Every year, students from thousands of schools take a vow of silence for one day to commemorate the LGBTQ lives affected by bullying and harassment. This year, Day of Silence will be on April 21.
“LGBTQ students are pushed into silence by not always being in the right environment, not having somebody speak up for them, or just not being able to speak up for themselves at all because the people around them are homophobic,” said Cindy Shusterman, the co-advisor of Carlmont’s Gender and Sexuality Alliance (GSA).
Implemented by the University of Virginia in 1996, the event has grown more each year and brought conversation about the issue to schools nationwide. Sponsored by the Gay, Lesbian, and Straight Education Network (GLSEN), student organizers are provided the materials and connections to make the day possible.
“We’ll be staying silent in solidarity with our closeted and silenced community,” said Alyssa Feigelson, a senior. The co-presidents of GSA, Feigelson and Eli Melmon, a junior, have been working together to organize the event with help from the club members, whether it’s writing Day of Silence on nametags or volunteering to hand them out.
Carlmont has participated in Day of Silence for longer than GSA members can recall, and with each passing year, the movement gains more momentum and recognition.
“Usually, silence is connoted with fear, but this day makes it about solidarity and strength,” said Feigelson. The unification of the LGBTQ community and its allies on this day gives those who have been silenced a sense of safety.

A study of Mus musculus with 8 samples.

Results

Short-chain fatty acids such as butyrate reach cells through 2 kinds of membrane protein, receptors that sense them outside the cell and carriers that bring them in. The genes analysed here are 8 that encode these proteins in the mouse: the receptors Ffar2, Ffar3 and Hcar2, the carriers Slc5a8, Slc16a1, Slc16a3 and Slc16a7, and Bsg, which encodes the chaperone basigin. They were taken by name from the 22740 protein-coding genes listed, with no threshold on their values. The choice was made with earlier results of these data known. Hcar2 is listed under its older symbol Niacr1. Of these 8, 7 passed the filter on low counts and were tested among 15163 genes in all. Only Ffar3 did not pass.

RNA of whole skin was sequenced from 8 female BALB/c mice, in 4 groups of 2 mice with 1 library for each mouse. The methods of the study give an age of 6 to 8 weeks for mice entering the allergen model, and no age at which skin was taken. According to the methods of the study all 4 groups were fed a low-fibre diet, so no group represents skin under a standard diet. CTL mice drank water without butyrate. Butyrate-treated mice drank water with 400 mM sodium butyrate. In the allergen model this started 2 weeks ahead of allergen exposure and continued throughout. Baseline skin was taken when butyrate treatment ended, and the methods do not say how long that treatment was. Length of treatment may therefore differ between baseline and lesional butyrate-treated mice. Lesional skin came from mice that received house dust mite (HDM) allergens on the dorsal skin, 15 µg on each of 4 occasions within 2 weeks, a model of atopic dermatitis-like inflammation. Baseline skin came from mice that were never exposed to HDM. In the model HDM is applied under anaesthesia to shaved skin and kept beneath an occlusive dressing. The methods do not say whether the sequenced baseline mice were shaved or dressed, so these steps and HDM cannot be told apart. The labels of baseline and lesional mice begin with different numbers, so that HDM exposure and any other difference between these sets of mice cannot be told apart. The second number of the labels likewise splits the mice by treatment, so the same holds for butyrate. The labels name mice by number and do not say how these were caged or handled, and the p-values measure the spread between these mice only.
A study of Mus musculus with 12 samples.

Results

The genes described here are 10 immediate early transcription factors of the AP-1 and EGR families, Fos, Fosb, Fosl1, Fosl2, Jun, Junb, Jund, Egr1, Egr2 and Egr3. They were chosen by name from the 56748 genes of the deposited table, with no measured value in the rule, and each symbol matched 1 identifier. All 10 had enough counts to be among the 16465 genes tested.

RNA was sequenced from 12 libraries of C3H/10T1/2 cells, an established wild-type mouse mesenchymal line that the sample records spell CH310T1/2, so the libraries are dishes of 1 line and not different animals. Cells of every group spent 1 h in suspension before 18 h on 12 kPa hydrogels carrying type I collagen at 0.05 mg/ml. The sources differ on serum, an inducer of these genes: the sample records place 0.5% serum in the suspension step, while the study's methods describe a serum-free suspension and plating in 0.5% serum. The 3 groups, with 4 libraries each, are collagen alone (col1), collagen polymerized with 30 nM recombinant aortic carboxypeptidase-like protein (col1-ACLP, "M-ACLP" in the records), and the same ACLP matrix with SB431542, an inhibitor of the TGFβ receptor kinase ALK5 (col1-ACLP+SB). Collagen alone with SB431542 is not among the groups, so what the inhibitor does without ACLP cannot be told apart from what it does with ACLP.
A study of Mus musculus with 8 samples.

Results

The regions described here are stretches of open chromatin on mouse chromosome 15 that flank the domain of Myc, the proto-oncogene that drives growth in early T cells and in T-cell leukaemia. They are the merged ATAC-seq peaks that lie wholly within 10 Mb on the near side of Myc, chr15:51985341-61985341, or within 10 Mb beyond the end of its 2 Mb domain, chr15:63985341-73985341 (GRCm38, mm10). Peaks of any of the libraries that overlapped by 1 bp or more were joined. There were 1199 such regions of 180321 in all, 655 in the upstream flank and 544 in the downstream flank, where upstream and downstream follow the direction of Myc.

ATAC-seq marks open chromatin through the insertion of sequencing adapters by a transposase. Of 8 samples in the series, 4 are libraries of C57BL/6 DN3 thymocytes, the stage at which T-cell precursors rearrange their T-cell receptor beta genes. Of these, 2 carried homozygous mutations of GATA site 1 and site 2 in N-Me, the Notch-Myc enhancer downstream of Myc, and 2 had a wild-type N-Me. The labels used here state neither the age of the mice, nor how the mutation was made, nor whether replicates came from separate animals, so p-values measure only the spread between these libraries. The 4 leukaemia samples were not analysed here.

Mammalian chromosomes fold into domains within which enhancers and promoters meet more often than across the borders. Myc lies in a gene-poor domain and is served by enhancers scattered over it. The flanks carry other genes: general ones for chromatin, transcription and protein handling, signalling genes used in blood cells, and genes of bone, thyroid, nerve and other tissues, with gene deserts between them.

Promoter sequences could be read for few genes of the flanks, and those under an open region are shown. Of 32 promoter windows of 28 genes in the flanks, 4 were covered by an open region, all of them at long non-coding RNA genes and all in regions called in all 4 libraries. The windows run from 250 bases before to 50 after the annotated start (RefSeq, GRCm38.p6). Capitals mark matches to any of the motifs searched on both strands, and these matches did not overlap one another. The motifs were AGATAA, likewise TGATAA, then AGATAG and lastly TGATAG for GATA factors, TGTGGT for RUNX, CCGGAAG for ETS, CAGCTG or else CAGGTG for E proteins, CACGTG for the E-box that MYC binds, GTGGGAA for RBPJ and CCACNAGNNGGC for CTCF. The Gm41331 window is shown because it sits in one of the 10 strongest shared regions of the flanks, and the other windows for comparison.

However, Day of Silence faces ridicule and skepticism, raising the question of why people should be quiet about such a serious issue. LGBTQ youth are four times as likely to attempt suicide, and it may seem counterproductive to be silent.
“Day of Silence is about understanding how it feels to be unable to speak up,” said Melmon. “It’s a way for us to bring attention to the issue and for allies to better understand how to help us through it.”
Though attitudes towards the LGBTQ community have become more accepting, students still jokingly call each other derogatory terms and crack jokes about pretending to be transgender.
“It’s important to recognize that while something may be small and meaningless for you, it might be enough to cost someone else their life,” said Shusterman.